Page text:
The Putsch Went Poof


There was no answer from his main adversary, who withdrew behind the high walls of her New Delhi bungalow to ponder a horrendous miscalculation. Gandhi's carefully cultivated image as a high-minded leader averse to the wheeling and dealing of the political bazaar has been besmirched. What's worse, her failure to form a minority, Congress-only government and her reluctance to cobble together an alternative multi-party coalition has made her appear politically unskilled. With the Congress and other opposition groups blaming one another for the mess, the crowd of supporters outside her home has melted away.

As if by a miracle, the BJP-led coalition suddenly appears stable and united. It lost its majority in parliament after the desertion of 18 legislators who owe allegiance to the mercurial south Indian politician Jayaram Jayalalitha, a target of corruption cases. But instead of collapsing after its defeat, the coalition is holding together. Now its leaders talk of fighting the next elections on a shared political platform. Says Sudheendra Kulkarni, a Vajpayee aide: Out of this crisis, our coalition has come out stronger, more cohesive and more determined to pursue a common program.

The coalition's agenda for the next election still has to be firmed up, and the task will not be easy. But with the Congress in shock, the BJP is hoping to capture the middle ground as the best representative of India's diverse religious, linguistic and caste groups. The party may even be willing to abandon sectarian issues, such as the promise to construct a temple in place of the mosque demolished in 1992 by Hindu zealots in Ayodhya. It will first have to overcome opposition from associated Hindu groups whose leaders were only recently justifying attacks on Christians. Says Aswini Ray, professor of international studies at Jawaharlal Nehru University: India's demography is forcing the BJP to transform itself into a broad social coalition similar to what the Congress was historically.

Vajpayee is the BJP's best bet for such a metamorphosis. A genial and popular leader, he has been derided during much of his term for presiding over an ineffectual government. Even the underground nuclear tests he ordered last May--provoking copycat tests by Pakistan--failed to boost his image. But he appears transformed ever since his history-making bus journey to Lahore in February for peace talks with Pakistan Prime Minister Mian Mohammed Nawaz Sharif. He has shown a greater determination, for instance, to push through economic liberalization. And, although parliament's dissolution will slow things down, he has promised business leaders that his government will soon outline plans for new reforms. The domestic political uncertainty will no doubt affect the dialogue with Pakistan, as well as negotiations with the U.S. over India's signing of the nuclear test ban treaty. But with Vajpayee emerging confident from the crisis, analysts believe his government's recent initiatives will not be derailed. Amid the confusion last week Vajpayee's team was discussing a possible visit to India by Nawaz Sharif. Peace with Pakistan will be one of our important election campaign planks, says Kulkarni.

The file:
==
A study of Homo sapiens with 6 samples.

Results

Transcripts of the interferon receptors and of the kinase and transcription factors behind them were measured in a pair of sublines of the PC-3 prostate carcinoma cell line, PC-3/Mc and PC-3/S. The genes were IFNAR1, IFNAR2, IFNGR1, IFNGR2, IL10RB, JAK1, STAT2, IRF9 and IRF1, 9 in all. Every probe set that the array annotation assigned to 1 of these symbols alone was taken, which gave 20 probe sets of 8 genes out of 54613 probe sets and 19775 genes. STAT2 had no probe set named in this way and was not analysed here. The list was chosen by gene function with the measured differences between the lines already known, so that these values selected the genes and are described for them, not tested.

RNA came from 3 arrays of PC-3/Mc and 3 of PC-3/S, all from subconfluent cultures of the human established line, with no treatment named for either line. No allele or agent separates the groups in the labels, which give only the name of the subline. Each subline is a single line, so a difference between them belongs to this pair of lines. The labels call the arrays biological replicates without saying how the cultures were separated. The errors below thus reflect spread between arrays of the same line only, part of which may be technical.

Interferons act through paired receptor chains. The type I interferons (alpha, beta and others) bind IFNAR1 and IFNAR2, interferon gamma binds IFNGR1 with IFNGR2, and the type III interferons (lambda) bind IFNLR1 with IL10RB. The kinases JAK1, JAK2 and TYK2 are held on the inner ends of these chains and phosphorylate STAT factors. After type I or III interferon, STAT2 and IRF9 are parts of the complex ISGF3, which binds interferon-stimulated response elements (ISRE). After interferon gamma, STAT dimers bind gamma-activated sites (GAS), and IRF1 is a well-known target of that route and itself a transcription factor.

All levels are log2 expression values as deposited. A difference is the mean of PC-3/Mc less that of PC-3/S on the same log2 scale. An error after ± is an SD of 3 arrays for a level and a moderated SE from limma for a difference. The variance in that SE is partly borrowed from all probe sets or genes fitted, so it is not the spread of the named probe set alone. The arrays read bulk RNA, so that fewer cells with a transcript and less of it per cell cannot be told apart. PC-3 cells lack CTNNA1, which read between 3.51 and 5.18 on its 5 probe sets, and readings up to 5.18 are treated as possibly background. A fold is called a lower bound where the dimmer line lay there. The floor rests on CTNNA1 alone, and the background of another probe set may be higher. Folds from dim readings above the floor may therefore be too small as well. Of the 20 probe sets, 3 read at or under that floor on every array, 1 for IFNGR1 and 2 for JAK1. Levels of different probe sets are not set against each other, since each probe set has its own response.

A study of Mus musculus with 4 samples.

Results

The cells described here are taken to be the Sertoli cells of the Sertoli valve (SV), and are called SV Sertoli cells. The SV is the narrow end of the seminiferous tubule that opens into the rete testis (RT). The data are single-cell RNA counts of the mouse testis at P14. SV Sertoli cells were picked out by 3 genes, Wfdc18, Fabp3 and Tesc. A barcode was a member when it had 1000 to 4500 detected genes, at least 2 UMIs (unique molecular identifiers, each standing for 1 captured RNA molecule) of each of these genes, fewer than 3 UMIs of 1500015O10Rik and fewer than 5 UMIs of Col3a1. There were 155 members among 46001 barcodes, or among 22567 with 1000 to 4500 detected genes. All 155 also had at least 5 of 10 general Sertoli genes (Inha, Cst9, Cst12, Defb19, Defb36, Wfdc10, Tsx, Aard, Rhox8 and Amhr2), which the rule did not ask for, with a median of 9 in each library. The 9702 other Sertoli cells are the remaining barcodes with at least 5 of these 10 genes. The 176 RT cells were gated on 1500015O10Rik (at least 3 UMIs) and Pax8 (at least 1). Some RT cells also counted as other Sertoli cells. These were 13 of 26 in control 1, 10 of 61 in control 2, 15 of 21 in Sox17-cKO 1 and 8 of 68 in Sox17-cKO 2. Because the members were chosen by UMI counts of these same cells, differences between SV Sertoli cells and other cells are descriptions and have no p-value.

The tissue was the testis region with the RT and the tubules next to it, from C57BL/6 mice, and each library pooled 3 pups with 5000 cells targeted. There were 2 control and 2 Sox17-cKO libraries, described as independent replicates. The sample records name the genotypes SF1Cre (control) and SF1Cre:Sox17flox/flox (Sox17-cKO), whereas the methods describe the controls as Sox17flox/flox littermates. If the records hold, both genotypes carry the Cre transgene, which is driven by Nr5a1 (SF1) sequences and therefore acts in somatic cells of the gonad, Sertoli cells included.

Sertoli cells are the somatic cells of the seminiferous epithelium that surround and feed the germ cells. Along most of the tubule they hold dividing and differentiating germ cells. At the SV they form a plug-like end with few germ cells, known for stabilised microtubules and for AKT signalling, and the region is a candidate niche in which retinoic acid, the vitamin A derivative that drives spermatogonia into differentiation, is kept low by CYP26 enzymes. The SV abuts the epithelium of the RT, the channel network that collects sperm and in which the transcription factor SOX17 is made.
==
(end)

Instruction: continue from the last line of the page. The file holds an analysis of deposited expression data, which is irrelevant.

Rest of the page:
The Congress faces the daunting task of creating a credible political platform for the coming election. The charge that the BJP is an anti-minority, Hindu nationalist party no longer appears so convincing. Similarly, claims that the Congress alone can provide political stability will likely be greeted with disbelief. And there are few major differences between the Congress and the BJP on key issues such as the economy and national security.

Although dates for the next election haven't been announced, Vajpayee went into full campaign mode last week, appealing to Indians on the government's television channel: Friends, democracy rests on one belief, that when the leaders of a nation cannot solve a problem, the people will. In a country where political fortunes can change overnight, it is still too early to guess how the people plan to clean up the mess. One thing is certain: both the BJP and the Congress will be scrambling to ensure they are not left out of the solution.